As of this writing, about 16 hours after it started in the pre-dawn darkness, the massive icing-related vehicle pileup on I-35 in near northern Fort Worth has claimed 6 lives, with at least 65 people being treated for injuries. Here’s a rolling story from local TV station WFAA channel 8.
We’ve seen horror scenes like this in recent years from Interstates in places like Iowa, Pennsylvania and Wisconsin. It illustrates the fundamental truth that the physics of friction know no geographic limits. I saw it in person in the ice storm of New Years Day 1979, when abandoned vehicles, that had slid off Central Expressway in Dallas, sported not just Texas plates, but Indiana, Illinois, New York, Pennsylvania, and Ohio, among others. Nobody, from anywhere, is immune to sliding on icy roads. Neither maturity, nor experience, nor even understanding of the laws of physics, makes one immune to them. And a lot of drivers have none of the above.
I’ve driven this stretch of Interstate many times. It’s ideally prone to a mass crash of this sort: an elevated roadway (preferentially ices), headed southbound into an area of tight curves and narrow lanes near downtown, with the approach not visible over a blind hill, where a crash can’t be seen at highway speeds until too late. The thin ice glaze had begun not long before, overnight when traffic was lower. Local officials claimed the road had been salted, but obviously insufficiently.
It was the perfect storm of bad circumstances for such a disaster, except for one aspect: the weather forecast from NWS Ft. Worth (incidentally, located just a couple miles from this mess) was very good, so that wasn’t the problem. Likely some weren’t paying attention to the local forecast or otherwise were ignorant of it (here’s looking at both locals and long-haul truckers).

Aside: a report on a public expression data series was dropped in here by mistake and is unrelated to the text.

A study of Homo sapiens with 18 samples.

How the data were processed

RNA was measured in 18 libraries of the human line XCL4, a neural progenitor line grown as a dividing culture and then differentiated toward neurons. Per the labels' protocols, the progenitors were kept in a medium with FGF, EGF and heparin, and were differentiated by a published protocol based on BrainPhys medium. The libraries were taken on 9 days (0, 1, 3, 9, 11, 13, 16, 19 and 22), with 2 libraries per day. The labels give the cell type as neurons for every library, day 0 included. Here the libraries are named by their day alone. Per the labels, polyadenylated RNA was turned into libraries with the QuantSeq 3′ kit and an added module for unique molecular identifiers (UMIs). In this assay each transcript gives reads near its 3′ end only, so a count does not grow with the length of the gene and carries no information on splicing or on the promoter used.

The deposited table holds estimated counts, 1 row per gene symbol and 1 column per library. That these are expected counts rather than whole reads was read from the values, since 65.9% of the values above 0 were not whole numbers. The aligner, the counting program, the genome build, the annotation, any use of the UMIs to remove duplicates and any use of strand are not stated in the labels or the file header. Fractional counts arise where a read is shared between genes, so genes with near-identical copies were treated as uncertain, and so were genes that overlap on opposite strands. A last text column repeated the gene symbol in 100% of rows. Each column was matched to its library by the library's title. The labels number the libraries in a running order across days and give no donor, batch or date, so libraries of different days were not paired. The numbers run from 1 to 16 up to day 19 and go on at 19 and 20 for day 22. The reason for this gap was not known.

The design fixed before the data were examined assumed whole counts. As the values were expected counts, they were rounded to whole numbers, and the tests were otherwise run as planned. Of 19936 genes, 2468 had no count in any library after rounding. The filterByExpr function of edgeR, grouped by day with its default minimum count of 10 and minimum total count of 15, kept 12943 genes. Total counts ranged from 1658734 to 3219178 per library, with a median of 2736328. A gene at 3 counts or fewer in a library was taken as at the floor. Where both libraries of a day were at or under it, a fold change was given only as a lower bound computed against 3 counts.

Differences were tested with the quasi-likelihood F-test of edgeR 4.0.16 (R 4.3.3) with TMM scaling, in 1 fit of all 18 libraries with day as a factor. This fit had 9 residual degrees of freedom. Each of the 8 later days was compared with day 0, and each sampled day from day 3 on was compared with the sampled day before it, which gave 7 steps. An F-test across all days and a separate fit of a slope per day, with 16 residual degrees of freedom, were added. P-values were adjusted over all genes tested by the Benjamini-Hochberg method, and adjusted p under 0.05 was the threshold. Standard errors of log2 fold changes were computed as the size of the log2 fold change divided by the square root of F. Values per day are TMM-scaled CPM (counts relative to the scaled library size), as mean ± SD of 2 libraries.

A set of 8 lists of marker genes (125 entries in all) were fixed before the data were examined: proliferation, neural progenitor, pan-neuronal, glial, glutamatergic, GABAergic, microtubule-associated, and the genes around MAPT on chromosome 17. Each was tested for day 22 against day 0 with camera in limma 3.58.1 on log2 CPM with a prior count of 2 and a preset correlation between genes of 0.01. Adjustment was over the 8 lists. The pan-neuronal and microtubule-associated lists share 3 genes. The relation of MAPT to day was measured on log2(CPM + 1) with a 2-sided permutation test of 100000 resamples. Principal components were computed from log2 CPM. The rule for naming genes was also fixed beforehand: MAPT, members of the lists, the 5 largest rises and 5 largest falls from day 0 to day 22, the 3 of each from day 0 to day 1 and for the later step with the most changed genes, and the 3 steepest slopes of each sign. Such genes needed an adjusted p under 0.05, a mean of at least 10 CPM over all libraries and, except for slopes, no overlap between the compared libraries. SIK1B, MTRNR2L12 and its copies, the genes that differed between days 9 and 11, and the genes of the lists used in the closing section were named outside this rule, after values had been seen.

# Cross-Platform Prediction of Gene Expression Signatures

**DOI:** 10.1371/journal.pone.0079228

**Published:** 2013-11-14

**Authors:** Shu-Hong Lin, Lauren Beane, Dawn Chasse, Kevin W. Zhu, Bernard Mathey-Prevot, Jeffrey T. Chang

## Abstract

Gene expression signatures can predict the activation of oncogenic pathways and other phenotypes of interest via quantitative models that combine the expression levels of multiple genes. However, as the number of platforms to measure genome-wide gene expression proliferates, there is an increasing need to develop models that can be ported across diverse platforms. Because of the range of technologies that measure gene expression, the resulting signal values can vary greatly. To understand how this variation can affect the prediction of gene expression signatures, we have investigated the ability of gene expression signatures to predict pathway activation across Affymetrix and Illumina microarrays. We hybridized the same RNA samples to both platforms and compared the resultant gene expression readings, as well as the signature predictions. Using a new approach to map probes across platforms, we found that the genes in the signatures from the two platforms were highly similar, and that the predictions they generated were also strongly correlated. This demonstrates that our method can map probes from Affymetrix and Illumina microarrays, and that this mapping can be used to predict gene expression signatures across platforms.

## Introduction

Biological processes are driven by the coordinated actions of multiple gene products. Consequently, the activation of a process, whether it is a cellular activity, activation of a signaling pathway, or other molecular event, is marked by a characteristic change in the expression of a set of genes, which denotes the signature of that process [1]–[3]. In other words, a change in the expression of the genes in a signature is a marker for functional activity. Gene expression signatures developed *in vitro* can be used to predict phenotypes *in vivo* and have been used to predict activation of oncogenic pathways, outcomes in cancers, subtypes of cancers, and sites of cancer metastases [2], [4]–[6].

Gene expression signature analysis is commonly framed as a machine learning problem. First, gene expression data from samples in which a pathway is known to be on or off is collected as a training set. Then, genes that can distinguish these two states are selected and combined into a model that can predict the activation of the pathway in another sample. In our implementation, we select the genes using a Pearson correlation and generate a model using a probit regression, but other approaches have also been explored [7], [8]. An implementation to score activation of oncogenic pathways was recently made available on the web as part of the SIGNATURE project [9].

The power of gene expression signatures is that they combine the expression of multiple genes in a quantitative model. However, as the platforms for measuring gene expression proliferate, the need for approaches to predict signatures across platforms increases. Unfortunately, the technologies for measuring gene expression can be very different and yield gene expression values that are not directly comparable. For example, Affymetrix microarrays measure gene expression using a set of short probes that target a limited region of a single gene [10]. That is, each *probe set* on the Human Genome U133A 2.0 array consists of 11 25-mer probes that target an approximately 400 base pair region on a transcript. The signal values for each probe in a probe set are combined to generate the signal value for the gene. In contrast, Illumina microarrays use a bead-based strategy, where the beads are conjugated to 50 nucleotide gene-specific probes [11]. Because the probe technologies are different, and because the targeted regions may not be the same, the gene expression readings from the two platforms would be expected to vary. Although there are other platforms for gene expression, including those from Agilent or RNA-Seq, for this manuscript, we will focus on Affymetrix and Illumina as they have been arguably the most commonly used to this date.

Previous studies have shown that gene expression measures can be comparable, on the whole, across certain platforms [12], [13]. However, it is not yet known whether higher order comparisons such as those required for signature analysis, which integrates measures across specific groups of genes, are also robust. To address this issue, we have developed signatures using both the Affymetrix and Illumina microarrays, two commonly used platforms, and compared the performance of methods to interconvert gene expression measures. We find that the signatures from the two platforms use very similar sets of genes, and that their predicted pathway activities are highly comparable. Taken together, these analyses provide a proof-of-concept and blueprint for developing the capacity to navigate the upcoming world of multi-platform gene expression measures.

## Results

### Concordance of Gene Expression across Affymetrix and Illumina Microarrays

It’s not as simple as “stay home” either. Many people still are “critical/essential” workers who have to report to in-person duties regardless of weather (including storm forecasters like me!); indeed, the story notes quite a few people in the pileup were health workers. Such situations present a major hazard to first responders (cops, fire crews, ambulances) who have to get in there, close off the scene, sort through the carnage, and treat and remove people. It’s also hazardous to second responders (wrecker personnel, HAZMAT remediators, sanitation crews who have to clean up the roadway of debris, and such). As the story notes, these are events for which emergency management prepares, but hopes not to need to execute their plans. They had to here.
Vehicle-to-vehicle communications tech could help in these scenarios, but is a long way off from standardized mass deployment, and realistically, mostly won’t be retrofitted on older vehicles. Trucking firms should prioritize for this, since their momentum and deadliness are greatest in general, and clearly were here (if you’ve seen the crash video taken from a car on the opposite side of the freeway).
Pray for the injured and the families of the casualties.